Rick Monday will forever have a special place in baseball history. He became the first player picked in the MLB Draft era when the Kansas City Athletics selected him with the first overall pick in 1965 out of Arizona State University.
The College Baseball Hall of Fame and two-time All-Star outfielder then went on to hit 241 home runs and 775 RBIs in 19 Major League seasons with the Oakland Athletics, Chicago Cubs and Los Angeles Dodgers, winning the 1981 World Series with the Dodgers.
Monday’s most memorable moment on the diamond didn’t involve Dodger blue or Cubs blue, but rather the red, white and blue.
What happens when a guy who spent six years in the Marine Corps Reserves watches an anti-American protest literally unfold right in front of him? True patriotism.
Rick Monday Saves American Flag
The Los Angeles Dodgers were taking on the Chicago Cubs at Dodger Stadium on April 25, 1976, when two protestors — a father and his 11-year-old son — hopped the wall in center field in the fourth inning and headed to shallow left-field with an American flag in hand.
They began dousing the flag with lighter fluid and took out matches. Suddenly, Cubs outfielder Rick Monday ran by and swiped the flag from them before they could set it ablaze in left-center. The center fielder returned it to the dugout.
Dodgers legendary broadcaster Vin Scully had the call: “Rick Monday runs and takes it away from him. I think the guy was going to set fire to the American flag. Can you imagine that?”
Monday instantly became somewhat of an American hero to baseball fans. He explained to American Innings in a Youtube video why he took action that day:
“It angered me,” Monday said. “It angered me because that’s the way I was brought up. You don’t do that with the American flag. And then I thought well wait a minute they’re trying to ignite this thing, and I began to run at them.”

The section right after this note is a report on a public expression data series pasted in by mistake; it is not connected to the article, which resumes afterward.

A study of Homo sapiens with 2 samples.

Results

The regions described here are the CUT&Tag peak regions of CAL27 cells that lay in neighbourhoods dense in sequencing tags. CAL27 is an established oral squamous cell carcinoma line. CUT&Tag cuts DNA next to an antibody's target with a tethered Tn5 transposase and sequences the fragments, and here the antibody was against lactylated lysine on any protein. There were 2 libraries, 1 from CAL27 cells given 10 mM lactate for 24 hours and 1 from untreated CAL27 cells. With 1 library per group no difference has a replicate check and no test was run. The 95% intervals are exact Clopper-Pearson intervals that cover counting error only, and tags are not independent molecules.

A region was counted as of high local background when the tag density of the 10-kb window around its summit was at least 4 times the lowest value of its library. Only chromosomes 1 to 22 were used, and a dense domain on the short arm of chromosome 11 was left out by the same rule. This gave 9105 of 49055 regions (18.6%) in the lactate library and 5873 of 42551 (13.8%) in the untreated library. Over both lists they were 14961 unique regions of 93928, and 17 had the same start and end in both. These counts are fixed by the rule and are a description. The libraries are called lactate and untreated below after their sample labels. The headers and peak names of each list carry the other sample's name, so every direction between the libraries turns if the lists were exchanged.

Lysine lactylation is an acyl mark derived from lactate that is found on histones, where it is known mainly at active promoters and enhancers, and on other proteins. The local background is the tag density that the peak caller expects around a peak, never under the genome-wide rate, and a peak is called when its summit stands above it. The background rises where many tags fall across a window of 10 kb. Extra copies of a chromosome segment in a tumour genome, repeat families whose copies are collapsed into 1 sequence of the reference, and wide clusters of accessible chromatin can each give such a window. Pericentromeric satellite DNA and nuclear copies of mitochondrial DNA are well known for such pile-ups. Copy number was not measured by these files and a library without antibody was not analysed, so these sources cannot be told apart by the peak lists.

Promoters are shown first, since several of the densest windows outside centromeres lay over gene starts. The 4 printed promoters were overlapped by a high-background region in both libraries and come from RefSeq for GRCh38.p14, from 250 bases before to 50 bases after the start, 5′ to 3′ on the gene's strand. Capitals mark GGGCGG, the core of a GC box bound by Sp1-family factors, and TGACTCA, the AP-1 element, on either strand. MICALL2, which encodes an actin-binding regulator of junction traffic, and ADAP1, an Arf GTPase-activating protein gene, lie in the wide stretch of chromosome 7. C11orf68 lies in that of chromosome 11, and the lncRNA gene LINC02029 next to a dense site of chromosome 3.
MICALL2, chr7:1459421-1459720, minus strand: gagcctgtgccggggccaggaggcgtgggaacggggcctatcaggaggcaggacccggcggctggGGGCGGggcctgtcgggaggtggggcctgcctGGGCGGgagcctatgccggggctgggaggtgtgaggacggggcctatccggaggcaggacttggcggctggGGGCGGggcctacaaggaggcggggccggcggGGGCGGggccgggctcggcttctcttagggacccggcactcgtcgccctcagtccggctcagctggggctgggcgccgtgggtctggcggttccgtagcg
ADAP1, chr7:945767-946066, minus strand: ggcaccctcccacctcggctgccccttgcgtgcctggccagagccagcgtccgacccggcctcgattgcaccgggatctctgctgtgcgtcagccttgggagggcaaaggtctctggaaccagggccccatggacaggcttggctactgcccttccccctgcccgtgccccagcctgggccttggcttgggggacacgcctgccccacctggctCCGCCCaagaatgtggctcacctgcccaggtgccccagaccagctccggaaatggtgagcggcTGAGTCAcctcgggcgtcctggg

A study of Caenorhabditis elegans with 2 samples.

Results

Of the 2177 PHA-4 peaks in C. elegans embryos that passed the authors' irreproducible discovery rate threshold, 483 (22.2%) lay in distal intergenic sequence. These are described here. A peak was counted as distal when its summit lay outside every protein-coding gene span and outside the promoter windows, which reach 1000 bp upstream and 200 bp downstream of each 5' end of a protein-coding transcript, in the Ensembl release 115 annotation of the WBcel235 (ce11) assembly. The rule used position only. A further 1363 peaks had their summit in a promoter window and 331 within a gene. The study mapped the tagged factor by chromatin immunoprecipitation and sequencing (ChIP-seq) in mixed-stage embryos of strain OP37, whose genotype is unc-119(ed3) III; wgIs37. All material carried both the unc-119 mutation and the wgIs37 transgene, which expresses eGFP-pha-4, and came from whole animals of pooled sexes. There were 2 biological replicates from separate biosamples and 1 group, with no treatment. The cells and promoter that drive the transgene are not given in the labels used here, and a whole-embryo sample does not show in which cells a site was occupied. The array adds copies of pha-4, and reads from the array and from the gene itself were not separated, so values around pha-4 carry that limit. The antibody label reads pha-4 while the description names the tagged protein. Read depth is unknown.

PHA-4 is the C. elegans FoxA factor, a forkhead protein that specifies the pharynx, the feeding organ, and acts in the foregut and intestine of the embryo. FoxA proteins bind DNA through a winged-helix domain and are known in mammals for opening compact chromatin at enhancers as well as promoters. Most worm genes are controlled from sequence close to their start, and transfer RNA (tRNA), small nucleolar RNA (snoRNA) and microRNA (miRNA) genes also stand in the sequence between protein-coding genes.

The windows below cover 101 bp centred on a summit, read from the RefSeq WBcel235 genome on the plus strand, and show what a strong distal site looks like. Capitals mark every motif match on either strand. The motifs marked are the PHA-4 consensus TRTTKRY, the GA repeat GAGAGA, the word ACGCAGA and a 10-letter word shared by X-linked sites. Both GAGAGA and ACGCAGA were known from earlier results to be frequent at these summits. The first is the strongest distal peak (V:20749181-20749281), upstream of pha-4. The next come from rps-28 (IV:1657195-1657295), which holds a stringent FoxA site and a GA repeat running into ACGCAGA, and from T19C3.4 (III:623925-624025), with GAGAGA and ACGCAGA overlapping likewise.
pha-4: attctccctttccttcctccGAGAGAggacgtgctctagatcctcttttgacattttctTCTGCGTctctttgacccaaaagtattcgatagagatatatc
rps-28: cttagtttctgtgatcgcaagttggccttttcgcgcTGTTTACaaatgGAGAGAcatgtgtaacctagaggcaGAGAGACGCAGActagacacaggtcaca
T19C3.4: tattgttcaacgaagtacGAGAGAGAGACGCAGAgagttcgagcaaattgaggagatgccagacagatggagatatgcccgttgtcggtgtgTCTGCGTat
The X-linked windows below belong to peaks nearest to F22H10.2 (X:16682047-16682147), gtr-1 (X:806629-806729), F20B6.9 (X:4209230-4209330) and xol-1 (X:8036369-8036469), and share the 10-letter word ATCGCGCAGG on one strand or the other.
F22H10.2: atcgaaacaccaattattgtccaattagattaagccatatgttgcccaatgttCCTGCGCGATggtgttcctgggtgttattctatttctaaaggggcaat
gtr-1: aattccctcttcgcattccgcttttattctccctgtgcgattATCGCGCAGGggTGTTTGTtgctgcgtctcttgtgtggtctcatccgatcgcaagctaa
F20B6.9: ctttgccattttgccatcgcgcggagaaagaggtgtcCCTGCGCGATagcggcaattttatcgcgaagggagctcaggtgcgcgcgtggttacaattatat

What Happened Next?
Fans at Dodger Stadium began singing “God Bless America” immediately after. The entire stadium belted the words.
An inning later when Monday came to bat, the crowd doused him with a standing ovation. The Dodger Stadium scoreboard put up a message for Monday, “Rick Monday…You made a great play.”
James Roark, a photographer with the Los Angeles Herald-Examiner at the time, snapped a photo that was nominated for a Pulitzer Prize.
Monday said about a month later when the Dodgers played the Cubs in Chicago, general manager Al Campanis presented him with the flag. He’s kept it ever since.
Monday wound up being traded to the Dodgers a year later after posting 32 homers and a .272 batting average. Los Angeles shipped off Bill Buckner and Iván DeJesús to Chicago. He then helped the Dodgers win National League pennants in ’77 and ’78.
What Happened To The Protestors?
The 1970s were a crazy time in American history. The Vietnam War raged on into the mid-1970s and protests swept the country during this era, so this act wasn’t as wild as it might be today.
As for the father, William Thomas, he and his son were each fined $60 for trespassing and put on probation.
Burning the American flag, or attempting to burn the flag, however, didn’t warrant any punishment because it is considered protected free speech under the First Amendment.
Where Is Rick Monday Now?
Robert James “Rick” Monday was born in Batesville, Arkansas, and played baseball at Santa Monica High School in California before earning a scholarship to Arizona State, where Barry Bonds would later star.
After 19 seasons in Major League Baseball, he began a career as a broadcaster. Monday now spends his time calling game for the Dodgers, an organization he’s been a broadcaster with for more than 25 seasons. The 74-year-old and his wife, Barbaralee, regularly visit veteran’s hospitals each year and live in Vero Beach, Florida, in the offseason.
Baseball and the United States are intertwined like no other sport. That’s why it’s called America’s Pastime. We’ve seen George W. Bush’s 2001 World Series first pitch heal the nation. Sammy Sosa memorably sprinted across the outfield waving an American flag.
But Rick Monday’s heroic act deserves its own spot in American history.